The lecture hall fell silent as the colorful Havana rooftops came to life and the film “El Techo” began.
The Office of Diversity and Inclusion and the department of languages, literature and international studies, brought Michelle Farrell, Ph.D., an associate professor of Spanish at Fairfield University, Connecticut to screen a popular 2016 Cuban film and lead discussion on Friday, Oct. 25.
Because of the increase of tourism to Cuba people are starting to learn the culture and enjoy their films.
“The history of Cuban and U.S. relations needs to be highly contextualized, but we also need to recognize that there’s still people falling in love, yelling at each other, having babies just like every other part of the world,” Farrell said.
Although the United States and Cuban relations have been historically accurate their cultures have some similarities.
“I heard about [the film] before and I was happy to have the opportunity to see it. I thought it was an interesting representation of the lifestyle especially given the contemporized political situation,” senior English major Eric Pitz said.
Students and community members attended the screening and asked Farrell questions about the importance and meaning of the Cuban film. Many of the questions focused on the way America represents Cuba and how that related to how Cubans represent Cuba.
“There’s still a lot of that 1960s mentality that Cuba is the enemy and is very isolated and run down, when in actuality there is a lot of culture to see,” Pitz said.
The film tells a story following three friends who try to make it through life on the rooftops of Havana. Director Patricia Ramos from Havana made the film and screened it at multiple film festivals. Farrell met Ramos and was the interpreter for her at the Havana Film Festival in New York.
“Cuban film has always been the space for real reflection and criticism,” Farrel said.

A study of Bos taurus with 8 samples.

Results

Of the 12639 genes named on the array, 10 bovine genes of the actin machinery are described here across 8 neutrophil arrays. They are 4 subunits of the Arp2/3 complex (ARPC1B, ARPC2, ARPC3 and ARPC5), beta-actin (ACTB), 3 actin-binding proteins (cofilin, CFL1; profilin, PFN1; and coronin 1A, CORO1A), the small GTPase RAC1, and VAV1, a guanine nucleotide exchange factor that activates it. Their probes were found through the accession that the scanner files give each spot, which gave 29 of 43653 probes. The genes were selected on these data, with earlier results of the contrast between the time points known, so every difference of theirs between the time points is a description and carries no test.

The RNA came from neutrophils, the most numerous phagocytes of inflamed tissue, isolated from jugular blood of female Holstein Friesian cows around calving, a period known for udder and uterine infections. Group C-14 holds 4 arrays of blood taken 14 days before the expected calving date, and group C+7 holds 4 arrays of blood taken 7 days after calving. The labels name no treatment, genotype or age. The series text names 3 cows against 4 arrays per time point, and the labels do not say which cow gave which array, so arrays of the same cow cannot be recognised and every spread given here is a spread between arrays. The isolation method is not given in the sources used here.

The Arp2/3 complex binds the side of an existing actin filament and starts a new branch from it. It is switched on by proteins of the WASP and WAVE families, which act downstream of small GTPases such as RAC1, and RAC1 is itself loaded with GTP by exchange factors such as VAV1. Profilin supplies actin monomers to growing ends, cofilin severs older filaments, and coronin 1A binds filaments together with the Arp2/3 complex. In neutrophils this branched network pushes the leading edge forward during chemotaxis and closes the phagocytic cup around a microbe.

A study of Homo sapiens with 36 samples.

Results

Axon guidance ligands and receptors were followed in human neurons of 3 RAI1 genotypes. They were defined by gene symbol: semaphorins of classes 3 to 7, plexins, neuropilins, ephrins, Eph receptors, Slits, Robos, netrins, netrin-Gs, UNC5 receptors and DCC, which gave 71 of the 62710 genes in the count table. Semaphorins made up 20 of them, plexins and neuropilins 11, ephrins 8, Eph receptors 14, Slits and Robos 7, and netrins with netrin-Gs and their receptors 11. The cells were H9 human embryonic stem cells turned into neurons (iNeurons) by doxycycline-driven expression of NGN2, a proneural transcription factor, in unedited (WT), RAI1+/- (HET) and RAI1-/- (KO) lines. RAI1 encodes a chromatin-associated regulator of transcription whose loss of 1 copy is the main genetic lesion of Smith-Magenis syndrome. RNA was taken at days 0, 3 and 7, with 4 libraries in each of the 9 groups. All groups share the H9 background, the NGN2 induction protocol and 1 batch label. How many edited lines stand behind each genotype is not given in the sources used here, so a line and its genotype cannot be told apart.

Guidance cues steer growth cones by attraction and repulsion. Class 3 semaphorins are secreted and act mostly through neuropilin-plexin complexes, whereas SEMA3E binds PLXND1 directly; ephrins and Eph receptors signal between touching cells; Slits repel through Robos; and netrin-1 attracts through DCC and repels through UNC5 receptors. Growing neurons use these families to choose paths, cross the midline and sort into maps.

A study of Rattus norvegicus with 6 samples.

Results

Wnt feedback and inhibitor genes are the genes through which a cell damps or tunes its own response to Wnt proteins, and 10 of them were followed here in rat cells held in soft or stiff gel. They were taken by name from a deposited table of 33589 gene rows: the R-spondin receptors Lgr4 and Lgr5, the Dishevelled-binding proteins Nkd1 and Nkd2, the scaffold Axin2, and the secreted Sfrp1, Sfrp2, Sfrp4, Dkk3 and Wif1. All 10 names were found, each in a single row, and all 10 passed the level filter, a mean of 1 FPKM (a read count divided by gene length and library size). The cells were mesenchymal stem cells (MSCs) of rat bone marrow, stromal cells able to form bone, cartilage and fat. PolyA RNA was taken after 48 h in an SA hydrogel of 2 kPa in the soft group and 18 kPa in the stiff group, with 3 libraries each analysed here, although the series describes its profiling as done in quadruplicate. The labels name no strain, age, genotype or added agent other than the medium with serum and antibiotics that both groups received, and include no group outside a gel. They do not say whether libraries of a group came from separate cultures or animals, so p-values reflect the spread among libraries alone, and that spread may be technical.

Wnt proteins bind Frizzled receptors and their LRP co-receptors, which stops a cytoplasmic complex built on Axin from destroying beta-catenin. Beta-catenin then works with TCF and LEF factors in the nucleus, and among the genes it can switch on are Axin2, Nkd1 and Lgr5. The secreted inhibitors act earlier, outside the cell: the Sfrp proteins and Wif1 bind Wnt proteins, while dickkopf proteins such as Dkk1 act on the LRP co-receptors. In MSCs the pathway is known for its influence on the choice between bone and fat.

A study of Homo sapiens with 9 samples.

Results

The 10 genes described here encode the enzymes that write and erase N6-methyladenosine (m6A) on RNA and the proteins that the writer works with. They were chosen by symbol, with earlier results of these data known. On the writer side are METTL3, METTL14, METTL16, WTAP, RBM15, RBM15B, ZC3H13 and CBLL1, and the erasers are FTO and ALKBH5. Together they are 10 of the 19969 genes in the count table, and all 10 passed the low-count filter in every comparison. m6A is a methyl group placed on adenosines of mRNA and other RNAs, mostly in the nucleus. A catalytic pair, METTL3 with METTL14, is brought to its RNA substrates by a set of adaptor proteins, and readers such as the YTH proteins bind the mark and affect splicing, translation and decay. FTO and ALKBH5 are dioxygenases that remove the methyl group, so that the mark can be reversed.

The film offers a good context into the life of the average Cuban and how they live. During one of the scenes a main character Anita talks to her mother on a cheap cell phone in the United States which shows the ways in which Cuban and American families interact with each other.
“I thought it was interesting different that any movie I’ve seen recently, it was a lot more lighthearted than I thought it would be,” freshman elementary education Sarah Liston said.
Farrell showcased Cuban film which has become increasingly popular around the world due to their ability to set a precedent for how compelling their stories are. The country has used film as a form of dialogue and expression for the people from the island nation.
“A lot of times Cuban films are critical of themselves, of their own country, their own society, whenever I show a Cuban film in class students are always surprised this could possibly exist with our notion of what Cuba is,” Farrell said.
Not only does Ramos direct movies, she also teaches script writing courses at the International School of Film and Television located in San Antonio de los Banos, Cuba. The school is known for its film program and allows people from all over the world to study.